Finance industry executives have argued that Google’s decision to ban cryptocurrency advertising is not only ill-conceived, but unethical. In Facebook and Twitter have enacted similar bans. The ban covers cryptocurrencies, ICOs, crypto exchanges, crypto wallets and crypto trading advice.
Philip Nunn, CEO of Blackmore Group, a Manchester-based investment firm, said that because Google and Facebook both indicated an interest in cryptocurrencies and blockchain technology, the ban is not based on concerns about criminality.
In remarks reported by the Independent, he stated:
“I understand that Facebook and Google are under a lot of pressure to regulate what their users are reading, but they are still advertising gambling websites and other unethical practices”
Nunn said he suspected that Google and Facebook are motivated by plans to introduce their own cryptocurrencies. A Google spokesperson told Business Insider in March it was exploring the technology. The spokesperson said at the time it was too soon to discuss any plans.
Facebook indicated interest in blockchain technology in May when it announced its largest management changes ever. Former Facebook Messenger chief David Marcus said he would head an exploration of blockchain and will reporter to Mike Schroepfer, Facebook’s CEO.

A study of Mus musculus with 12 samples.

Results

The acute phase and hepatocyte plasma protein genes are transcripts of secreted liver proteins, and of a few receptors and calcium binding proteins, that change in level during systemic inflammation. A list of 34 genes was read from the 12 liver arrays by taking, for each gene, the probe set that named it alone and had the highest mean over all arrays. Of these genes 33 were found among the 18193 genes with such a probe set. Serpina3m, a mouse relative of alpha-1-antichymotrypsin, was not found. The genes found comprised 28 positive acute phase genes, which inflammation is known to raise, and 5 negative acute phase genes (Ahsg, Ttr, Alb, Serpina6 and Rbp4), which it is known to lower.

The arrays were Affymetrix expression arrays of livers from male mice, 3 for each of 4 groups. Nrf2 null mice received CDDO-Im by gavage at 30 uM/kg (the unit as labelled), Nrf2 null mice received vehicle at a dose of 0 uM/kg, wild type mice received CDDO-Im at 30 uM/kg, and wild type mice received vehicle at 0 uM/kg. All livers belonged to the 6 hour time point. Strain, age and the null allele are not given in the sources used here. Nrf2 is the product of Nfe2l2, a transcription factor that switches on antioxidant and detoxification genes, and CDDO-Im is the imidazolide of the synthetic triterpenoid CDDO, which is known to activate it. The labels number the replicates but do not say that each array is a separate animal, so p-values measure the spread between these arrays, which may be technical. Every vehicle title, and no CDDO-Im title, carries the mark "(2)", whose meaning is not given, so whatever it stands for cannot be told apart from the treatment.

Marketers were able to circumvent Facebook’s attempts to block cryptocurrency related advertising in January. Words such as “cryptocurrency” were abbreviated as “”c-currency” and the “o” in bitcoin was replaced with a zero.
Scammers are using Google and Facebook to promote unsavory exchanges and cryptocurrencies. As many as 80% of ICOs have been found to be fraudulent.
Banning cryptocurrency advertising is seen as a good thing since the growth of such advertising undermines its perception, but the ban is an unfair targeting of the industry according to digital banking startup Revolut’s head of mobile Ed Cooper.
“Unfortunately, the fact that this ban is a blanket ban will mean that legitimate cryptocurrency businesses which provide valuable services to users will be unfairly caught in the crossfire.”
Cooper said a more targeted effort would be better since it would be fair and it would be excessive to ban all adds for things like anti-virus software, charities or job postings which are also used by scammers to target people.
Gareth Malna, a fintech attorney at Burges Salmon, a U.K. law firm said the Google ban is inconsistent with its very purpose as a search engine. He said Google’s action seems like protecting the consumer, but it is overstepping its role as an information gatekeeper.